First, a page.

Eat, Exercise, Relax, and Sleep Your Way to Better Sex

Better sex doesn't just involve technique. Keeping a fit mind and body can increase your enjoyment of bedroom antics.

By Dulce Zamora
WebMD Weight Loss Clinic - Feature

Reviewed By Michael Smith, MD

Thought about leading a healthier lifestyle but haven't gotten around to doing it? Here's a possible incentive: Experts say people who are mentally and physically fit are more likely to have good sex lives.

"If you feel good about yourself, you are in a better position to feel good about relationships, including your sex life," says Karen Zager, PhD, a psychologist in private practice in New York City.

"When one is not feeling well, and is exhausted, it can certainly have a negative impact on the quality of one's sex life," says Saralyn Mark, MD, a senior medical adviser at the Office on Women's Health.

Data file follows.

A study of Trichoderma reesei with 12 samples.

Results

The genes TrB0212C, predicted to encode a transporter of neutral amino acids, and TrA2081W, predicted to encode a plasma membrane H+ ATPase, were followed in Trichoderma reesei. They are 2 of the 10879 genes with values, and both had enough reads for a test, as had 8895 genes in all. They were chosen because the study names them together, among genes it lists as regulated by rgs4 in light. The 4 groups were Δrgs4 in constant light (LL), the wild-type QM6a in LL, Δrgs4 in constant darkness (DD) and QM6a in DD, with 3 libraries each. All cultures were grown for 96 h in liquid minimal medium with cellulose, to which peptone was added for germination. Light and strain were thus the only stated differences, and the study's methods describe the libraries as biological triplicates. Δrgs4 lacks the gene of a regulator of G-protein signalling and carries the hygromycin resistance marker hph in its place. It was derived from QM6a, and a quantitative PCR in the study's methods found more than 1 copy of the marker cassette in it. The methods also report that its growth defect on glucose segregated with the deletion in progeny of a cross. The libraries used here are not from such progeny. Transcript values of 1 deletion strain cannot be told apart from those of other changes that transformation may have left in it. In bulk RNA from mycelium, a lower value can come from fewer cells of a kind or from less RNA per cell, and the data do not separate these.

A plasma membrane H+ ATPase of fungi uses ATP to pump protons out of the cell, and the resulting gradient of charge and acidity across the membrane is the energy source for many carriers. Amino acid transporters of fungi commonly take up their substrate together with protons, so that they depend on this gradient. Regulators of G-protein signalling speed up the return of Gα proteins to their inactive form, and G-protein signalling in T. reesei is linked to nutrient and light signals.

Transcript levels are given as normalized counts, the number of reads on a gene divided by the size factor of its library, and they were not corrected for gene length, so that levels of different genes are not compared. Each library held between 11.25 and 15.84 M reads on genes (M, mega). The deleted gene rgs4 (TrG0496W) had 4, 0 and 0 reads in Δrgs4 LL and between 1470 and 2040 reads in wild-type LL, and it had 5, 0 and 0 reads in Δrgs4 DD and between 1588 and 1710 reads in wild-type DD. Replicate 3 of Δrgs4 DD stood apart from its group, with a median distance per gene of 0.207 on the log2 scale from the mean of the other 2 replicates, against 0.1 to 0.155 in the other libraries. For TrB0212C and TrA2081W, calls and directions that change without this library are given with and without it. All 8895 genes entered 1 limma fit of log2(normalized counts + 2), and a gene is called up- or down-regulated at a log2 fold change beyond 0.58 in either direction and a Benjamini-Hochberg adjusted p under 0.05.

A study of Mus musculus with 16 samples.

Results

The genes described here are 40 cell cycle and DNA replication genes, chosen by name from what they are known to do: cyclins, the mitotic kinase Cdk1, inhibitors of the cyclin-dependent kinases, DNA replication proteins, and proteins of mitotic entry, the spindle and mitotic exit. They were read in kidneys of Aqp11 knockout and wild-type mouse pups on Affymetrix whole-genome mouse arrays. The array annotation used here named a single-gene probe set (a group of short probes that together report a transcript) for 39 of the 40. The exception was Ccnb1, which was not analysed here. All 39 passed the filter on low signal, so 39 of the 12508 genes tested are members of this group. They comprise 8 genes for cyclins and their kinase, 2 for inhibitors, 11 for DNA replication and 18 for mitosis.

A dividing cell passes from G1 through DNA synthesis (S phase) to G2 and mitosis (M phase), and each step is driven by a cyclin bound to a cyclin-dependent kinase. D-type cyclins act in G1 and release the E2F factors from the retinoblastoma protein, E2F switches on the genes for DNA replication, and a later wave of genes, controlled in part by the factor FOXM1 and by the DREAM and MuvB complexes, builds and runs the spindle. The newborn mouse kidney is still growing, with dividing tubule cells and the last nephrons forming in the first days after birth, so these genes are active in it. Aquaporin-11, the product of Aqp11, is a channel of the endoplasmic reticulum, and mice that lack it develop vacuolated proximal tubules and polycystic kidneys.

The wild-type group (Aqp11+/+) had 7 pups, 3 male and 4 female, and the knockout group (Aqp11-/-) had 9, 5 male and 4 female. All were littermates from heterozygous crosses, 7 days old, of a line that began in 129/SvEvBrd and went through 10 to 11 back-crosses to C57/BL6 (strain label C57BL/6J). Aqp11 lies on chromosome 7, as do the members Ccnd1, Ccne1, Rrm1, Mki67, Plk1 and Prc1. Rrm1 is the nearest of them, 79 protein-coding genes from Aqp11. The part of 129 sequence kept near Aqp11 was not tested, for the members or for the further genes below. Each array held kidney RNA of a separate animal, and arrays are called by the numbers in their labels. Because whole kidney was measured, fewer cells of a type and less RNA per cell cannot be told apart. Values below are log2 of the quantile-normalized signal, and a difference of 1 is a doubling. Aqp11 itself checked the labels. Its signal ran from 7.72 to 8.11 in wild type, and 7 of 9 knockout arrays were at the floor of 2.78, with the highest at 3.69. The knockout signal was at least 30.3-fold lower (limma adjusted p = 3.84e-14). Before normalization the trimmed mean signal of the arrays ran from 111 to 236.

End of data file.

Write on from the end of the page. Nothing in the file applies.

This may all seem intuitive, yet many people find the road to a fitter mind and body to be bumpy, especially if it involves losing weight, starting an exercise program, reducing stress, or getting enough sleep.

One big reward, though, is to look and feel better -- arguably a plus for good romantic and sensual activities.

Eat Right

While there is no proven connection between a balanced diet and bedroom performance, a poor diet can cause health problems that can possibly interfere with sex.

Studies show animals that get too few calories tend to have weakened immune systems, says John Allred, PhD, professor emeritus of nutrition at Ohio State University. He says illness can be a big hurdle for pleasurable intercourse.